A rendered lifestyle image of the Samsung Galaxy S22 Ultra, showing the back panel and display. A gold Galaxy S22 and a kettle are in the background.
(Image credit: LetsGoDigital/Technizo Concept/Snoreyn)

The Samsung Galaxy S22 Ultra will be receiving some camera upgrades, while the base and Plus models will be getting a build quality boost, according to several box-fresh leaks about Samsung's next flagship phone. 

Let's start with the Galaxy S22 Ultra's cameras. Looking at previous rumors, it would appear that nothing's changing for the Ultra's cameras compared to the Galaxy S21 Ultra. That's because while the camera resolutions aren't thought to be changing, the specific sensors and the software behind them are. These upgrades will be needed if the Galaxy S22 Ultra is to challenge the mighty iPhone 13 Pro Max and Google Pixel 6 Pro for the top spot in our best camera phone list. 

One possible example of such software is what leaker Ice Universe (opens in new tab) describes as a "AI picture quality enhancement mode." They claim that this mode "can make 108MP [photos] better in detail, color and brightness," compared to taking default images with the 108MP main camera that the Galaxy S22 Ultra is thought to use. It's something they've mentioned in a previous tweet in more general terms, but now they say they have seen samples of images using this enhancement mode. Sadly, they won't be sharing these.

Meanwhile, Korean site ITMaterial (opens in new tab) has found code referring to a "detail enhancer" feature. While it provides the strings containing this name in its article, it doesn't say where it got them from. Our guess would be a newly updated Samsung camera app or similar. But without a more specific claim, we should be careful in believing this rumor.

It's possible that both ITMaterial and Ice Universe are talking about the same feature in different wording. But ITMaterial also suggests Detail Enhancer could in effect be a macro photography mode, like we see on the iPhone 13 series' ultrawide lenses. Either way, it would make for a good use of the oversized resolution of Samsung's 108MP camera.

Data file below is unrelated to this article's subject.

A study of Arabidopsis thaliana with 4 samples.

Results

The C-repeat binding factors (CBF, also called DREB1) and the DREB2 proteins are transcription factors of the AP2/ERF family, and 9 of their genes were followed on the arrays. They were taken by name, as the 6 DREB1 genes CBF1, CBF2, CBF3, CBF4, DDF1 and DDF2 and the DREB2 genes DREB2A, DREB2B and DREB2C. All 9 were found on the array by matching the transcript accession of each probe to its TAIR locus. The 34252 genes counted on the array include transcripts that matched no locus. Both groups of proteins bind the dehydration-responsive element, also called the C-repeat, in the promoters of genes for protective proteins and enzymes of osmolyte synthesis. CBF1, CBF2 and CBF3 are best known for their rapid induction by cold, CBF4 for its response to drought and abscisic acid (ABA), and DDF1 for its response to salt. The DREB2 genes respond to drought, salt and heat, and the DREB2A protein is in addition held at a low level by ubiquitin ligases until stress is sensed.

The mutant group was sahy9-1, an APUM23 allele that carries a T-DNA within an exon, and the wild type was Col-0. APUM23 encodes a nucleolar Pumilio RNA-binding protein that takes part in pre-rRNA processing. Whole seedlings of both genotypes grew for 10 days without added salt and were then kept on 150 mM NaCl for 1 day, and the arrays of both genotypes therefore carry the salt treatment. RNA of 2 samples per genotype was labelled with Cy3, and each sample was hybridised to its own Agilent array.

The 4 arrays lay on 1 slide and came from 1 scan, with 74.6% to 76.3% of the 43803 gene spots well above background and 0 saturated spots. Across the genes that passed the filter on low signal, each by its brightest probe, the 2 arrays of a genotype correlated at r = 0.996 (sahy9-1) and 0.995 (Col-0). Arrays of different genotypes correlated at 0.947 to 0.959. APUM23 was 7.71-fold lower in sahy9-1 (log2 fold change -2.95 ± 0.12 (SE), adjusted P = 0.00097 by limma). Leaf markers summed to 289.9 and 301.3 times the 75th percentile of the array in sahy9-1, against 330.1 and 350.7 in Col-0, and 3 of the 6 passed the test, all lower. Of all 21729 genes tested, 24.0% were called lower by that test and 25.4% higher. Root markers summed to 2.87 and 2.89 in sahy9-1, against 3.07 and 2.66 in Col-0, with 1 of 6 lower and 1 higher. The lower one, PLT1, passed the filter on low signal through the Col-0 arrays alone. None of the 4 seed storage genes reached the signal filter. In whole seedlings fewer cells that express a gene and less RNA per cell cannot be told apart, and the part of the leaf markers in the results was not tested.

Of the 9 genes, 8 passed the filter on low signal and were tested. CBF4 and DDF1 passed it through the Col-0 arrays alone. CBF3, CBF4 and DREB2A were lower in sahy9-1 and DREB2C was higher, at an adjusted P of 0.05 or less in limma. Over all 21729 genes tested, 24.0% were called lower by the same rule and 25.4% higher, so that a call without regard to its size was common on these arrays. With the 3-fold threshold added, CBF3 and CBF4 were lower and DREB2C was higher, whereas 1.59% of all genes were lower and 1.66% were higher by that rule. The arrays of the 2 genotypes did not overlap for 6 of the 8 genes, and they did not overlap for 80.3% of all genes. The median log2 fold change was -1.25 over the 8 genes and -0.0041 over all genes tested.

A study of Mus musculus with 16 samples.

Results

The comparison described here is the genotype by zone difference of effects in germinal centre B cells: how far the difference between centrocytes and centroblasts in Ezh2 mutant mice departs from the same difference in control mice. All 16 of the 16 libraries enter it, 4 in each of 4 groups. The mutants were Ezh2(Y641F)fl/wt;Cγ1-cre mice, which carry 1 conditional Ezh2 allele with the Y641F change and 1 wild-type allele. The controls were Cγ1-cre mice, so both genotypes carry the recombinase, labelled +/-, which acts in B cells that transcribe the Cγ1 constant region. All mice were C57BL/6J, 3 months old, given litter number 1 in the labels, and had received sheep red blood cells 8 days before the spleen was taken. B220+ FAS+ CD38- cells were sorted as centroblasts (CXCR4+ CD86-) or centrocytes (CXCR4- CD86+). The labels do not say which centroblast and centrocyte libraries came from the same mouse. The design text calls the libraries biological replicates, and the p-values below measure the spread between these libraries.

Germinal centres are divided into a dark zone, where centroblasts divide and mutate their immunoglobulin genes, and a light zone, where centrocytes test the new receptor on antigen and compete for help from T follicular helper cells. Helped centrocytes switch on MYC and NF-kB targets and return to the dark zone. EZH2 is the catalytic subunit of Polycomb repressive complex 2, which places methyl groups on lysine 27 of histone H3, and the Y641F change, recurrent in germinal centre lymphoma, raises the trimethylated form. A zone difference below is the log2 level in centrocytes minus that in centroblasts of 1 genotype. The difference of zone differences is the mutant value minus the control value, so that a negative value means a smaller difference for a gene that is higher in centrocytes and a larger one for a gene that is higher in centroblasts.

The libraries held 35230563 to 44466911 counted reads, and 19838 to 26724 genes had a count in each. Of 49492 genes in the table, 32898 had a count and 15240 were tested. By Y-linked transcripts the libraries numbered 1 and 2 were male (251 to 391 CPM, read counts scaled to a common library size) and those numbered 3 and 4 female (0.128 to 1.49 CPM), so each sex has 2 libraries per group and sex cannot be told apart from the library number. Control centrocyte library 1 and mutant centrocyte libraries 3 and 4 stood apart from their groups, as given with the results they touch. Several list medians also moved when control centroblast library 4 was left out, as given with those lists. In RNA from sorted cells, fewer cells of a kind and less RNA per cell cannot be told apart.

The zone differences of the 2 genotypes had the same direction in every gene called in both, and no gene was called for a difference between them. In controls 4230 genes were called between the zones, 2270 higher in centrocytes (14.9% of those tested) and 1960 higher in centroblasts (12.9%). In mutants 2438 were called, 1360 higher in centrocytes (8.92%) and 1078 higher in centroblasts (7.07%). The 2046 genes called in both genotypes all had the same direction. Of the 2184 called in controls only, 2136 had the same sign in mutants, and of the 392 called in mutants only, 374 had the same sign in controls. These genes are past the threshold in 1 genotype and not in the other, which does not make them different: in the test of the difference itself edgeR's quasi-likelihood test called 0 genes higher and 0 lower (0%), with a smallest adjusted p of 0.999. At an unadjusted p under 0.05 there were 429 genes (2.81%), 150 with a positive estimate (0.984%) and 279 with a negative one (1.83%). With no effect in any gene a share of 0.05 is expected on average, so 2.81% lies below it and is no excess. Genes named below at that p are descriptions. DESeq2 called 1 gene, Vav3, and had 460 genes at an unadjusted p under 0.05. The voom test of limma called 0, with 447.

Galaxy S22 glass back comeback

Ice Universe wasn't done with S22 leaks though. They've now since claimed that all three Galaxy S22 models will have glass backs (opens in new tab)

That's not a surprise for the range-topping Galaxy S22 Ultra, but it wasn't expected for the Galaxy S22 and S22 Plus. The Galaxy S21 controversial move to plastic backs, something that make the phone lighter and cheaper but arguably it feels less premium than it should for a flagship phone.

Previous Ice Universe tweets speculated that the Galaxy S22 Ultra could use a new "bio-based" material for its back panel. However, since making their most recent claim, these tweets have now been deleted.

There's plenty of other interesting rumors concerning the Galaxy S22 aside from those above. The chipset powering the phone may be either the recently-debuted Snapdragon 8 Gen 1 or a new Exynos 2200 from Samsung itself, depending on the market where you buy the phone. 

The Galaxy S22 and S22 Plus are believed to be getting slightly smaller bodies and screens than their S21 counterparts, while the S22 Ultra is thought to instead be getting wider and squarer. That's possibly in aid of the Ultra model's tipped built-in S Pen stylus, a move that would make the Galaxy S22 Ultra a full-on replacement to the currently dormant Galaxy Note series.

We've probably not got long to wait until the official announcement of these phones. The most specific rumor says February 8 is the day we'll see these phones presented on stage. If that's not soon enough for your liking, we'll apparently see the Samsung Galaxy S21 FE, the company's new entry-level flagship phone, in January, taking the event slot we'd normally have expected the Galaxy S22 to occupy.

Richard Priday
Richard Priday

Richard is a Tom's Guide staff writer based in London, covering news, reviews and how-tos for phones, gaming, audio and whatever else people need advice on. Following on from his MA in Magazine Journalism at the University of Sheffield, he's also written for WIRED U.K., The Register and Creative Bloq. When not at work, he's likely thinking about how to brew the perfect cup of specialty coffee.